The Venezuelan Parliament is going to start discussing the draft legislation called "Ley de Infogobierno", which will overhaul e-government and software procurement in the Venezuelan public sector. Although I am often sceptical about Chavez and his Venezuelan project, some aspects of the legislation are rather interesting. Here are some highlights.
- Open standards: As far as I know, this is the first time that open standards are made into law. The draft sets various principles, which include openness, standardisation, interoperability and transparency. Proprietary principles are out.
- Technological neutrality: The act encourages something called "progressive interpretation" of the law, which will encourage courts to interpret existing legislation in light of new technological development. This sets a standard of technological neutrality rarely found in Civil Law jurisdictions.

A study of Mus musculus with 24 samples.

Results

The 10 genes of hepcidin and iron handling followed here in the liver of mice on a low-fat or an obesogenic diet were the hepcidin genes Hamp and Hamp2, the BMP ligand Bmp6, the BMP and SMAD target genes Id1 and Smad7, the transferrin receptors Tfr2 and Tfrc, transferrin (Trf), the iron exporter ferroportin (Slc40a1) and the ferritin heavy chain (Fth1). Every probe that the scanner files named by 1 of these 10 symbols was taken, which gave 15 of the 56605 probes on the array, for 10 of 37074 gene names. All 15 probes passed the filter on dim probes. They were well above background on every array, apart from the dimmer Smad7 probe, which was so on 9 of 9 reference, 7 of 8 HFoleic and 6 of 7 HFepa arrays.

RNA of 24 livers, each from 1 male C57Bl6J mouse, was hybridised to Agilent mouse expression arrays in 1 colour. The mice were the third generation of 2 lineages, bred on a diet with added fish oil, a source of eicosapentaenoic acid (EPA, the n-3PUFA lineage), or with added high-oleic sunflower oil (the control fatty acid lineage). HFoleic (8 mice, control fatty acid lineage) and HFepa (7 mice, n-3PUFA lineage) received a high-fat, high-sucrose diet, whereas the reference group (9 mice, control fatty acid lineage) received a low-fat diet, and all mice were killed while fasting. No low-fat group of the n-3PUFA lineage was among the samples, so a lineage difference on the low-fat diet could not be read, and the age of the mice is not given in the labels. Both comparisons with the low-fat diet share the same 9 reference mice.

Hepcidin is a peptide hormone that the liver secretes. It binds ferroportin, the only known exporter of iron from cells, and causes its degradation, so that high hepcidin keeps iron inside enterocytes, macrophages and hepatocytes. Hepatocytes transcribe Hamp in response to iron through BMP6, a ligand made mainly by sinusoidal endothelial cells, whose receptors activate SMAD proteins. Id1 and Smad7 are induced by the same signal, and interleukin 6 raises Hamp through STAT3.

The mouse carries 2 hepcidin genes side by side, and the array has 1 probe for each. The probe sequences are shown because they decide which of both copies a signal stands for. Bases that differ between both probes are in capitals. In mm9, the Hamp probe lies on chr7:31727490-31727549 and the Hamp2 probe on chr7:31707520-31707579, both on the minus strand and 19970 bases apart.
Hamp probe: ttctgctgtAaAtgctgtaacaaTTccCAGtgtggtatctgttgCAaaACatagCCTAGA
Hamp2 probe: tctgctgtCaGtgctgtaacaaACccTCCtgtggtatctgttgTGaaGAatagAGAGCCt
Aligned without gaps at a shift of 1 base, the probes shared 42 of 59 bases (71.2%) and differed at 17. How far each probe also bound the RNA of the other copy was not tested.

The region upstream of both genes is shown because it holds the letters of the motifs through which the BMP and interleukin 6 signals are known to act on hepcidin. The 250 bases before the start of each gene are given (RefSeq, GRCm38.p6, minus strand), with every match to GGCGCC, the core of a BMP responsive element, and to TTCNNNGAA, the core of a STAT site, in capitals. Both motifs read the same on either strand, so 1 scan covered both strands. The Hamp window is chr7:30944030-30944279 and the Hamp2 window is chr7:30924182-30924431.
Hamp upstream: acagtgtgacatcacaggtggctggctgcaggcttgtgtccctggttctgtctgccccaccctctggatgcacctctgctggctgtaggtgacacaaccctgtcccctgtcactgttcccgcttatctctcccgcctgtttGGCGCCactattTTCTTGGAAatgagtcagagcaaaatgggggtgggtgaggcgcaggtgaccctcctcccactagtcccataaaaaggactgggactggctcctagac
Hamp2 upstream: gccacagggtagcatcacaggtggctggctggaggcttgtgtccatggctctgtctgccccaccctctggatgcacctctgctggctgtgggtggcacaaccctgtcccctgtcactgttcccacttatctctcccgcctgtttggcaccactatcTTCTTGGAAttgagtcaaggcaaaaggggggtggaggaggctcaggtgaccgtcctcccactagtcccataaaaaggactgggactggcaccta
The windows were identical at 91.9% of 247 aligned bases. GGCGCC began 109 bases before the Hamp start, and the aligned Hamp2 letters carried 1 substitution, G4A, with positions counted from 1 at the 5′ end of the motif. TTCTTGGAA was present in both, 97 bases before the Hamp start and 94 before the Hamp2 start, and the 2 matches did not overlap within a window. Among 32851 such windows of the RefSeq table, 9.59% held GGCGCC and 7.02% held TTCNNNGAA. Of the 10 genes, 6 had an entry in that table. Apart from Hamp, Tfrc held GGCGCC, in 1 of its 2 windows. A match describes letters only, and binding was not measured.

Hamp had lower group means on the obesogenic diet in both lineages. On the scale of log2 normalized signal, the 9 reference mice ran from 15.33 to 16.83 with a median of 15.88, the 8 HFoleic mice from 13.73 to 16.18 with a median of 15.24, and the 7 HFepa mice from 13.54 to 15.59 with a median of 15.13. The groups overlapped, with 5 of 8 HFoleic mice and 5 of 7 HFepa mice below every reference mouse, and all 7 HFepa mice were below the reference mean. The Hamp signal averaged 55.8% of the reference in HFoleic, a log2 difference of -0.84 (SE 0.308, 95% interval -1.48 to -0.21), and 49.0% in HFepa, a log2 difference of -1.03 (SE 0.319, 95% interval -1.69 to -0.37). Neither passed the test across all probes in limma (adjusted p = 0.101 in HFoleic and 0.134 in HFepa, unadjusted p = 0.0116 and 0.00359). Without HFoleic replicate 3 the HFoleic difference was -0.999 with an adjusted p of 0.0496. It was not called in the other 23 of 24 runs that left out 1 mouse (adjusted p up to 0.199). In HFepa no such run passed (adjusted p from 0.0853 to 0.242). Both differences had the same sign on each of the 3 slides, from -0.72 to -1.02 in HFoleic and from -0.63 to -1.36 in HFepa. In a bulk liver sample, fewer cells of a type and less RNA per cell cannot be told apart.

- Farewell paper: Information technologies will be the preferred for all of the archiving operations performed by the State, but this will be in keeping with cultural sensibilities.
- Technological sovereignty: As far as I can tell, the act establishes a policy of encouraging research and development to ensure a certain level of national technological autonomy. Venezuelan resources and expertise will be favoured wherever possible. Expensive foreign consultants are out.
- Free Software: the government will “guarantee” that the software it uses fulfils several conditions. These include value added, the right to access the software’s source code, freedom to use, freedom to modify and freedom to distribute modifications. Intriguingly enough, government software cannot have undisclosed access paths. Could this be the first legal rootkit prohibition?